Team effort helps overweight Hawaii children

Jannon Neill
Jannon Neill
Dr. Keith Matsumoto
Dr. Keith Matsumoto

By Teri Okita – bio | email

HONOLULU (HawaiiNewsNow) – Hawaii News Now was the first to bring you an interview with the local author of a controversial book called, "Maggie Goes on a Diet". The kids' book about dieting created a media firestorm earlier this week - seen everywhere from Time to CNN to FOX News. So, we decided to take a closer look the topic of overweight and obese children and their weight management.

A pilot program at Kapiolani Women and Childrens' Medical Center doesn't just tell kids to "eat right and exercise". It incorporates a team of experts that helps children with their body, mind, spirit, and habits.

11-year-old Jannon Neill wants to feel good - both on the inside and outside. "My friends' brothers and sisters used to tease me, but then, now that I'm in the program, they stop calling names and stuff."

The program Jannon's talking about is Kapiolani's pediatric weight management - launched less than a year ago after experts started seeing an alarming rate of overweight children in Hawaii.

"Estimates are up to 25,30, 35% of children are either considered overweight or obese. That's a real big jump in the last generation," explains Dr. Keith Matsumoto, the director of the program.

We've all heard the factors: more fast food, less outside play, sedentary activities. This program is trying to change those behaviors - and not just with the kids.

"You can't just treat the child," says Dr. Matsumoto. "You really have to treat the whole family, and the parents are, obviously, an integral part of the care."

So, families come in to learn healthy habits and the risks involved, if they ALL don't change: long-term risks like liver disease, diabetes, sleep apnea, and asthma.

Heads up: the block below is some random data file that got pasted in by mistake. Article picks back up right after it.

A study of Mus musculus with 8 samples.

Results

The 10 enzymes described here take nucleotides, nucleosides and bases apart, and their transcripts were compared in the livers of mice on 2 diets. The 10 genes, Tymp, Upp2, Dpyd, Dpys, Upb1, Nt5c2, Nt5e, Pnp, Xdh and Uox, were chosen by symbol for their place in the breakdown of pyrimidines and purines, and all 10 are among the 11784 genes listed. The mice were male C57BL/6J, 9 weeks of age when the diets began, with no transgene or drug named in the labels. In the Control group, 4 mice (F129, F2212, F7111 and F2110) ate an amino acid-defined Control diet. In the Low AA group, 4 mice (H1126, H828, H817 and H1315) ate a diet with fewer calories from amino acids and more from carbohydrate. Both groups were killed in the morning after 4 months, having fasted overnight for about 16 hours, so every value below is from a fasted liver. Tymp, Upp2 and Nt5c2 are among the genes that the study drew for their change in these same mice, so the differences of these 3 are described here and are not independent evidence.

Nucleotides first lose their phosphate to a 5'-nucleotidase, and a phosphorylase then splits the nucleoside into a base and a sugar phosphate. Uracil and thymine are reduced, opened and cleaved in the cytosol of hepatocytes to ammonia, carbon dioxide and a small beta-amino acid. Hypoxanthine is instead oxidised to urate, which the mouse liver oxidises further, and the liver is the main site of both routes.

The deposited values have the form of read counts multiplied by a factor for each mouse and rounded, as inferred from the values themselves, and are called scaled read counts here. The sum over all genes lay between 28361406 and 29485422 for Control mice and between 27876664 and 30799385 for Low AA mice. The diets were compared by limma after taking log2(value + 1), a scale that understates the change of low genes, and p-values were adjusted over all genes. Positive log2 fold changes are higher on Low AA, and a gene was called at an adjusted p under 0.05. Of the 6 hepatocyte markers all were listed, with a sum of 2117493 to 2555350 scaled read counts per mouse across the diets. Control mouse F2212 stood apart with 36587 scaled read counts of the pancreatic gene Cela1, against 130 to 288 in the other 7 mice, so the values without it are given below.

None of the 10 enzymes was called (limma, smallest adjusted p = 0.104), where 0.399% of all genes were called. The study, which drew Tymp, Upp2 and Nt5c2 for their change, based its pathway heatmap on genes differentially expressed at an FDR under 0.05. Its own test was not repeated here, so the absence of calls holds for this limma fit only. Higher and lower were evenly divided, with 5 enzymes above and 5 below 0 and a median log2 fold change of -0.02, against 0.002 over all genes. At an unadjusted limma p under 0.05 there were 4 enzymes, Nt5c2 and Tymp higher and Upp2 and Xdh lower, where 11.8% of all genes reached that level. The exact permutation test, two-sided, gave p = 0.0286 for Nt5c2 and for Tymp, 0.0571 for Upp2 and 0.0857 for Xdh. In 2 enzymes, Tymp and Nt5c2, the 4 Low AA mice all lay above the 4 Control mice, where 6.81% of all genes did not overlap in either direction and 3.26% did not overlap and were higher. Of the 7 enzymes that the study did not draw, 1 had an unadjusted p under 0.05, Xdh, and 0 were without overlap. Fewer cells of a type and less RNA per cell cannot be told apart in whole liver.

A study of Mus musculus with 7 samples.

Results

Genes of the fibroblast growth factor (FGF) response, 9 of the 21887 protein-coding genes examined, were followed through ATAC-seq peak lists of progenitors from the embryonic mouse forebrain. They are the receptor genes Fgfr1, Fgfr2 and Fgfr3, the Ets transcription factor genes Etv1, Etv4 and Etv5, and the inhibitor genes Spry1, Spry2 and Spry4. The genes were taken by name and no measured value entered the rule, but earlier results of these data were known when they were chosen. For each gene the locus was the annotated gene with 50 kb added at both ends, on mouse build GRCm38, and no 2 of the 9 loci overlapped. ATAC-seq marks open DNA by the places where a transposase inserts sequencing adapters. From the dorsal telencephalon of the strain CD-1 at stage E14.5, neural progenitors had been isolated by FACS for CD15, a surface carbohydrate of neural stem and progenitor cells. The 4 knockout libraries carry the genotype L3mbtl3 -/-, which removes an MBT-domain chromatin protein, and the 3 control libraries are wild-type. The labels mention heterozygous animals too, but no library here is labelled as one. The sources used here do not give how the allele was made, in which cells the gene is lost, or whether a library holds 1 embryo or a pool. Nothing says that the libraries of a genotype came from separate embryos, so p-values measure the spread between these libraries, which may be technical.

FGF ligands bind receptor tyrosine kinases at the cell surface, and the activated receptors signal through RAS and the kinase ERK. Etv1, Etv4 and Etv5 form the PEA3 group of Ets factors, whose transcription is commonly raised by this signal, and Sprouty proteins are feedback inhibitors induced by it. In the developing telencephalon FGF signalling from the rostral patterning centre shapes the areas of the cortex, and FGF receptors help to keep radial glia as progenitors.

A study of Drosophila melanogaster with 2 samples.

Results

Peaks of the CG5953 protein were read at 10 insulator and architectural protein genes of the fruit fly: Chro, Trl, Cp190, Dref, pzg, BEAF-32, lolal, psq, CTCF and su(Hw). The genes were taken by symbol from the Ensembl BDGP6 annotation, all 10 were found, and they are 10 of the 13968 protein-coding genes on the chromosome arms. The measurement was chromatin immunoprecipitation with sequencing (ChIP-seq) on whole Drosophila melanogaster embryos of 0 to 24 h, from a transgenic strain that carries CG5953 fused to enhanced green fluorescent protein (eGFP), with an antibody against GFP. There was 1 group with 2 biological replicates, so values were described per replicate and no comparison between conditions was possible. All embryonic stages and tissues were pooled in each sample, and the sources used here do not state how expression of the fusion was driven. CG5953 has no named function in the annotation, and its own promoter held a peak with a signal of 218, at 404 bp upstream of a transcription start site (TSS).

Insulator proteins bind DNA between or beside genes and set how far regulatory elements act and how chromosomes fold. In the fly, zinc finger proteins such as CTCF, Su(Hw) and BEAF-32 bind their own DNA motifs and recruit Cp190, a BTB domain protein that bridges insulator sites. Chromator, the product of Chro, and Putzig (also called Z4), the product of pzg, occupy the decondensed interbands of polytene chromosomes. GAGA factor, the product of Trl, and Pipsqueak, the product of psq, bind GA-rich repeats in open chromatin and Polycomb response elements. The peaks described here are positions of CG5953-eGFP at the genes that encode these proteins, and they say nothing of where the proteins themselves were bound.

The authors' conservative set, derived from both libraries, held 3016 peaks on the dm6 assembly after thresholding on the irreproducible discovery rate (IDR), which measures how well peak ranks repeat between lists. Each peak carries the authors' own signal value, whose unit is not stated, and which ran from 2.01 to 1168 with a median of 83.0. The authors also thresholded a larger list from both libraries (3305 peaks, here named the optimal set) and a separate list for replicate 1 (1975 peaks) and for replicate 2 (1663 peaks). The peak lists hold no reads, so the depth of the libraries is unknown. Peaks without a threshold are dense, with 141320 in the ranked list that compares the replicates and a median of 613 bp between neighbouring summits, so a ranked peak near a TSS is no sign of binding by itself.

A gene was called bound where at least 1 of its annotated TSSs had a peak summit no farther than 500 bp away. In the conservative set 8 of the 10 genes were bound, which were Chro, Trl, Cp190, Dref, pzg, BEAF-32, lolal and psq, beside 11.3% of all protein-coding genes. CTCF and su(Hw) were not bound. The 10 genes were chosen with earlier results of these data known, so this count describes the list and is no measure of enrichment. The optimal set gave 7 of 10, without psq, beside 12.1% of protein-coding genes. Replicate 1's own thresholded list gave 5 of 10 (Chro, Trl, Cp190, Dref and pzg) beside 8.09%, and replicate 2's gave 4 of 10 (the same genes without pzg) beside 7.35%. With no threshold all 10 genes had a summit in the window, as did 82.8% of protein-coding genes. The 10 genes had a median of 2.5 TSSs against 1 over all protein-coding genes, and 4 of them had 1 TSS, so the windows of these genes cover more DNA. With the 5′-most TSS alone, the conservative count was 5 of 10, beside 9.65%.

Patients don't just hear from physicians on this program. They get help from physical therapists, a dietician, and a psychologist.

"When you're a child, it's really difficult because you want to fit in and look and act just like everybody else," says clinical psychologist, Wendy Hirsch. "It's not just about what you eat. It's how you see yourself, about what habits you've learned, about what your self-esteem is … if you have other symptoms of depression or anxiety, if you're getting bullied in school."

Parents are part of that discussion, too. The team hopes these behavioral changes can last a lifetime. It's already starting for Jannon - who's now playing basketball, sitting at the computer less, and eating in moderation.

"It feels good because I get a lot of compliments now," says Jannon. "Like what? Tell me more," I ask. "Like, my friend's sister would say I look pretty everytime she sees me now, and it makes me feel more confident," Jannon answers.

Her motto: stick to it because it WILL pay off.

The program team works working with children, ages 9 through 13. Right now, though, it's already at maximum capacity.